This week in Five in a Row, Colin is studying Cynthia Rylant’s lovely picture book memoir, When I Was Young in the Mountains. The text and detailed illustrations show what life was like in rural Appalachia fifty or so years ago, without modern conveniences.
This morning, after our first reading, we took a lengthy detour to explore the foreign-to-Colin concept of baptism, which is mentioned in the story. We discussed what baptism means to Christians, how Mommy and Daddy were baptized, why Alex and Colin don’t need to be, and what we do instead (child dedications). We even watched a YouTube video of baptisms being performed in a river. Colin found it strange but interesting.
Then we paged through the book again, looking for details of how the children’s lives were different from ours. Oil lamps instead of electric lights, an outhouse in the back yard, water from a pump carried to the house in buckets, baths in a tin washtub in front of the stove, handwashing with a bowl and pitcher, shopping from an old-fashioned general store, swimming in a swimming hole… all of these were fascinating details. We even did a Google image search to find out more about what outhouses look like. Then we thought of aspects of their lives that are the same as ours: they like cornbread, for example, and they eat dinner together sitting on chairs around a table, and the grandparents love the children and care for them.
This afternoon Colin tried washing his hands without modern conveniences. He used a little metal pail to fetch water from the outdoor tap, and filled a pitcher with his pail.
Then he poured water from the pitcher into a bowl and washed his hands in the bowl using bar soap. He was tickled when I sent him out to get his hands especially dirty first!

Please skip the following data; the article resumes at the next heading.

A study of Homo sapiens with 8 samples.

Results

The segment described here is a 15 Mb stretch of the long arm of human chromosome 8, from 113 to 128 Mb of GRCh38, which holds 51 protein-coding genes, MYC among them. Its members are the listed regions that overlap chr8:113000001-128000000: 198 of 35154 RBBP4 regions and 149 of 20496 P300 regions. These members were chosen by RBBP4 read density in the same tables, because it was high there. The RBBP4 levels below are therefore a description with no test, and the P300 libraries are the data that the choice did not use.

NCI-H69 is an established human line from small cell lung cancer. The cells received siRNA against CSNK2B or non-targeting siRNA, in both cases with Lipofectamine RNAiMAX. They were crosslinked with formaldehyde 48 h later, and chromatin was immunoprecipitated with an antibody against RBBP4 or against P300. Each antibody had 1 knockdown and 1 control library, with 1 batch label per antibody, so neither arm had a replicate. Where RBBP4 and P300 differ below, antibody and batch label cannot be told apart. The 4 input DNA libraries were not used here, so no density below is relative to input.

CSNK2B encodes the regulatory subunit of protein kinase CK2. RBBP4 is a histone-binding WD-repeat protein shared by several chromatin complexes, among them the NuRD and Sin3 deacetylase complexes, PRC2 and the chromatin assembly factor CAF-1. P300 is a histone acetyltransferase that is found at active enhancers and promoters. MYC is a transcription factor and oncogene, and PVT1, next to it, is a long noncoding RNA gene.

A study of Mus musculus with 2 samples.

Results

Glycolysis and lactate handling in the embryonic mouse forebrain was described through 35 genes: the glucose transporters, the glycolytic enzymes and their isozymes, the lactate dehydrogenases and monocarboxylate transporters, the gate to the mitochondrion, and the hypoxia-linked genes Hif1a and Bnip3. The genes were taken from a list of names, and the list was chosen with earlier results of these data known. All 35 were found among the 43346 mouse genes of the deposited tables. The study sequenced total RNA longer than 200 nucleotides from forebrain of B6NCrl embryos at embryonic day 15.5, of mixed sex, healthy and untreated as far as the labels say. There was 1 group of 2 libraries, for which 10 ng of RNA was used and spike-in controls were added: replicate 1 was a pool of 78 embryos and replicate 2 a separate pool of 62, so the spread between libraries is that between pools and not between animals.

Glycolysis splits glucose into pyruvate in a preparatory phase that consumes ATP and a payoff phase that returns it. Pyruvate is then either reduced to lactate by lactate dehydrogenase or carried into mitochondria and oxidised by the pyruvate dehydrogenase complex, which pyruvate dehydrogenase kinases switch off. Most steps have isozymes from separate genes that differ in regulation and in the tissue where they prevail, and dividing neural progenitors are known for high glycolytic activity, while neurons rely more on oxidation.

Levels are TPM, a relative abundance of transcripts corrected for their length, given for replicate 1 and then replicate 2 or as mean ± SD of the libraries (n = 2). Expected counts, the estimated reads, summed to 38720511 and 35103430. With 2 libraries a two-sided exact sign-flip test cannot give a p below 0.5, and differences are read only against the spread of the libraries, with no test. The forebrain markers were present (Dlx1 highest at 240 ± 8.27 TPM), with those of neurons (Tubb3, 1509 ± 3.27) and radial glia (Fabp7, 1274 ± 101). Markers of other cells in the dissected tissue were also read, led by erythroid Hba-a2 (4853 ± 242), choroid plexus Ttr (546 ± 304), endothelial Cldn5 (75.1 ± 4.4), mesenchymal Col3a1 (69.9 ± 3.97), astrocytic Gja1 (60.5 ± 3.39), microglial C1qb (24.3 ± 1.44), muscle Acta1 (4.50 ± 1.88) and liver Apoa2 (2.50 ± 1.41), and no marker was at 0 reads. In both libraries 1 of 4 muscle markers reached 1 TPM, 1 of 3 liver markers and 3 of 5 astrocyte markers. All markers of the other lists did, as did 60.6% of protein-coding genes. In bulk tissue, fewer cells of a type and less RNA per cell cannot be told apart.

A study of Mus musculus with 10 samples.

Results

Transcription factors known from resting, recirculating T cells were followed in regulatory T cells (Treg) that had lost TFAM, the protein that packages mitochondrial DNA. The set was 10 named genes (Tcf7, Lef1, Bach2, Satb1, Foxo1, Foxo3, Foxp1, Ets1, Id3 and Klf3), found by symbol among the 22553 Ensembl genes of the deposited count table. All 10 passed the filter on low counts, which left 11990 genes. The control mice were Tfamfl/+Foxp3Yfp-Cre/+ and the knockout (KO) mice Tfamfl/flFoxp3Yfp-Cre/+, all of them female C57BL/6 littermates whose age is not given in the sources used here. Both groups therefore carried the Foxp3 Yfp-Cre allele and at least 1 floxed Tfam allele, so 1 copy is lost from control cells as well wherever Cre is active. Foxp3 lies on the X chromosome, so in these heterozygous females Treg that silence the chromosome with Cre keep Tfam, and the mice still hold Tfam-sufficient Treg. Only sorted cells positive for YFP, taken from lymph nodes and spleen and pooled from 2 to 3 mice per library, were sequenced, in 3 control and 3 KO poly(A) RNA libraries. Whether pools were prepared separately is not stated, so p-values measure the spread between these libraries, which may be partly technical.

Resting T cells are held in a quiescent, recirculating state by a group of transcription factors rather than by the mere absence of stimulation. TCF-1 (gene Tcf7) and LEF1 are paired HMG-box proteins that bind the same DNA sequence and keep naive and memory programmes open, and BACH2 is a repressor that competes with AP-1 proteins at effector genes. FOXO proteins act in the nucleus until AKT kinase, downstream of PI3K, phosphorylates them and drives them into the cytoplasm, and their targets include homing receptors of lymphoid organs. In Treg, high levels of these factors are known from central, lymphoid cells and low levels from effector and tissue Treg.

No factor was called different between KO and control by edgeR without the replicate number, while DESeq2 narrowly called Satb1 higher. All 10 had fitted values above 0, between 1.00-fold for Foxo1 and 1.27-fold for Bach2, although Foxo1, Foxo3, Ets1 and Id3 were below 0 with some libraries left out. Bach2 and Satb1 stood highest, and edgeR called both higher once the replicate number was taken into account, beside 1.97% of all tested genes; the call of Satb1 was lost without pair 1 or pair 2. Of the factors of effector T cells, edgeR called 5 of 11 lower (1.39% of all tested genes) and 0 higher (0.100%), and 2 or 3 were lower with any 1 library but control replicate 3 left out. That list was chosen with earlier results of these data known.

He poured the dirty water out of the bowl and replaced it with clean water to rinse his hands. While he did that, we talked about how cold the water was, and how much trouble it would be to get warm water for washing if you had to heat it up on the stove first. We agreed that the family in When I Was Young in the Mountains probably washed in cold water most of the time, except for baths.
That led us on our second detour of the day, because Colin wondered how we get hot water from our taps. We went down to the basement and examined our hot-water heater. Colin knows that water comes to our house through pipes under the streets. We saw how water goes into the hot water heater, how it gets heated by burning gas, and how it is pulled up through interior pipes to come out our faucets. He was fascinated. I think he’ll definitely appreciate his next warm handwashing!
I love When I Was Young in the Mountains. I adored studying it with Alex – it was her first official kindergarten FIAR book – and I am delighted to be studying it with Colin now. It’s just a really beautiful book.